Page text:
Uber, Lyft respond to accusations of discrimination on ride-hailing platforms

Uber, Lyft respond to accusations of discrimination on ride-hailing platforms
A driver displaying Lyft and Uber stickers on his windshield drops off a passenger in downtown Los Angeles, Calif. (AP Photo/Richard Vogel, File)
AP Photo/Richard Vogel/FileA driver displaying Lyft and Uber stickers on his windshield drops off a passenger in downtown Los Angeles, Calif. (AP Photo/Richard Vogel, File)
By MARISA KENDALL | mkendall@bayareanewsgroup.com
PUBLISHED: December 30, 2016 at 1:00 pm | UPDATED: December 30, 2016 at 1:34 pm
SAN FRANCISCO — Two months after a report found African-American passengers were subjected to bias on ride-hailing platforms, Uber and Lyft say they are taking steps to address those concerns.

Pressed by a U.S. senator to explain how they prevent their drivers from discriminating against minority passengers, both ride-hailing companies said they have strong anti-bias policies in place — which they recently reiterated to drivers — and promised to look into doing more.

“While no single technology can eliminate bias in society, we always strive toward a better experience for all of our customers,” Uber CEO Travis Kalanick wrote in a letter to Democratic Sen. Al Franken from Minnesota. “In light of that goal, and the survey’s findings, we are committed to examining any root issues and possible product mitigations.”

The news highlights a tricky issue faced by sharing-economy companies, which try to prevent racism on their platforms without taking full responsibility for their users’ actions. Airbnb earlier this year unveiled new anti-discrimination measures after an outpouring of complaints from guests who said they were denied a place to stay based on their race or gender identity.

Franken wrote letters to Uber and Lyft in early November after a study released by the National Bureau of Economic Research found African-American passengers in Seattle and Boston waited longer to get rides and were more likely to have their trips canceled. The senator asked the ride-hailing companies to explain how they would address these issues, requesting answers no later than Dec. 16. Uber and Lyft responded Nov. 30 and Dec. 16, respectively (with Lyft just barely making the senator’s deadline), and Franken released the letters to the public this week.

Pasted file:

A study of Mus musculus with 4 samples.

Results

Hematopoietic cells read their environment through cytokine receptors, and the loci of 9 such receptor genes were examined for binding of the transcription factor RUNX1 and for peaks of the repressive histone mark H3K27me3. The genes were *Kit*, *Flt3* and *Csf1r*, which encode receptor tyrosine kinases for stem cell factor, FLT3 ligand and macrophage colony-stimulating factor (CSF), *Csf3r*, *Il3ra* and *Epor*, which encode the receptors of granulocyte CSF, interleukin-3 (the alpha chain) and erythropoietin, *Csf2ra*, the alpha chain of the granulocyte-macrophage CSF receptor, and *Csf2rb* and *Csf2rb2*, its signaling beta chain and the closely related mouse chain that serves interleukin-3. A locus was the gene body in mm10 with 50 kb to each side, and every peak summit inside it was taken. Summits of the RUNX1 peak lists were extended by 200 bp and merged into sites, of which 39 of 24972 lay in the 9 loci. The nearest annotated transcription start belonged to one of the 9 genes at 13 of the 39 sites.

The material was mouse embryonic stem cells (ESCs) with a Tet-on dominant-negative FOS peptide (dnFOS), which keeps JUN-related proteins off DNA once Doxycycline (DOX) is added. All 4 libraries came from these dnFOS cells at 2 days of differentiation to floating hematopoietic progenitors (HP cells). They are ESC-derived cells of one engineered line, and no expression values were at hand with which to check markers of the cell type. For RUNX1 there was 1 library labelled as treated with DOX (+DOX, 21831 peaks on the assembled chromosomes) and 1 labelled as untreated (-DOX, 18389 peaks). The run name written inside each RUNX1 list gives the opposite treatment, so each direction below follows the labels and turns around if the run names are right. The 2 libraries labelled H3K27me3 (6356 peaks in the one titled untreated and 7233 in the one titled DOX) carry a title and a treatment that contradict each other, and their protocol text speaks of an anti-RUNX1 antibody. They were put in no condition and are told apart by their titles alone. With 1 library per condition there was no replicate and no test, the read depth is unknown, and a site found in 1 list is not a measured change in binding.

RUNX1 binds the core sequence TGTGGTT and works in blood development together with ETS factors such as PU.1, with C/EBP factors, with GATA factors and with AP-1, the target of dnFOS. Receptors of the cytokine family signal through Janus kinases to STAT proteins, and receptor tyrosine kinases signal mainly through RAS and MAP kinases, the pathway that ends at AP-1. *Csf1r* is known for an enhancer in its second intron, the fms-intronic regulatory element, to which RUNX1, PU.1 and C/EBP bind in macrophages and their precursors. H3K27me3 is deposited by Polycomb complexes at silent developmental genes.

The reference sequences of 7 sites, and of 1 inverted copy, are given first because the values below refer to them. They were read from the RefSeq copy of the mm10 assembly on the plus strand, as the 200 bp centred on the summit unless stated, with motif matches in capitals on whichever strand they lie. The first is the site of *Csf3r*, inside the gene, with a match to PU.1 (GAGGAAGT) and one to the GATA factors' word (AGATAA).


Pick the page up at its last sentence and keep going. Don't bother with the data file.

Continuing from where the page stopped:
Uber said it has met with the researchers who conducted the discrimination study, and the company looks forward to “continuing the conversation.” Uber also promised to experiment with new ways to guard against discrimination and to review how it notifies drivers of its nondiscrimination policy.

Lyft vowed to start studying ride cancellations in communities with a high concentration of minority residents.

“Lyft takes allegations of discrimination extremely seriously,” Lyft co-founder and CEO Logan Green wrote. “Any discrepancy of service experienced by passengers due to race is unacceptable. The gains in transportation equity that have been realized over the last few years since the widespread introduction of ridesharing cannot be our ceiling; instead they have to be our floor.”

Both companies stressed that drivers will be booted from the apps if they discriminate against passengers based on race, religion, gender or any other attribute protected by law. And they emphasized that ride-hailing platforms bring transportation options to underserved communities, which often are communities of color.

Lyft also pointed out that the study found minuscule differences in the wait times for African-American and white passengers using the Lyft app.

And the ride-hailing study found that unlike Uber drivers, Lyft drivers in Boston did not cancel rides for African-American riders more frequently — possibly because Lyft let drivers see the name and photo of passengers as soon as they requested a ride, allowing the driver to determine the rider’s race before accepting the ride.

The researchers who conducted the discrimination study had suggested Uber and Lyft hide riders’ names and photos from drivers, thereby making it more difficult for drivers to reject or cancel trips based on race. But both companies rejected that idea, arguing that sharing that information ensures a more friendly trip and increases passenger safety by making sure riders don’t get into the wrong car.

Airbnb rejected similar advice, instead promising to experiment with making guests’ photos less prominent.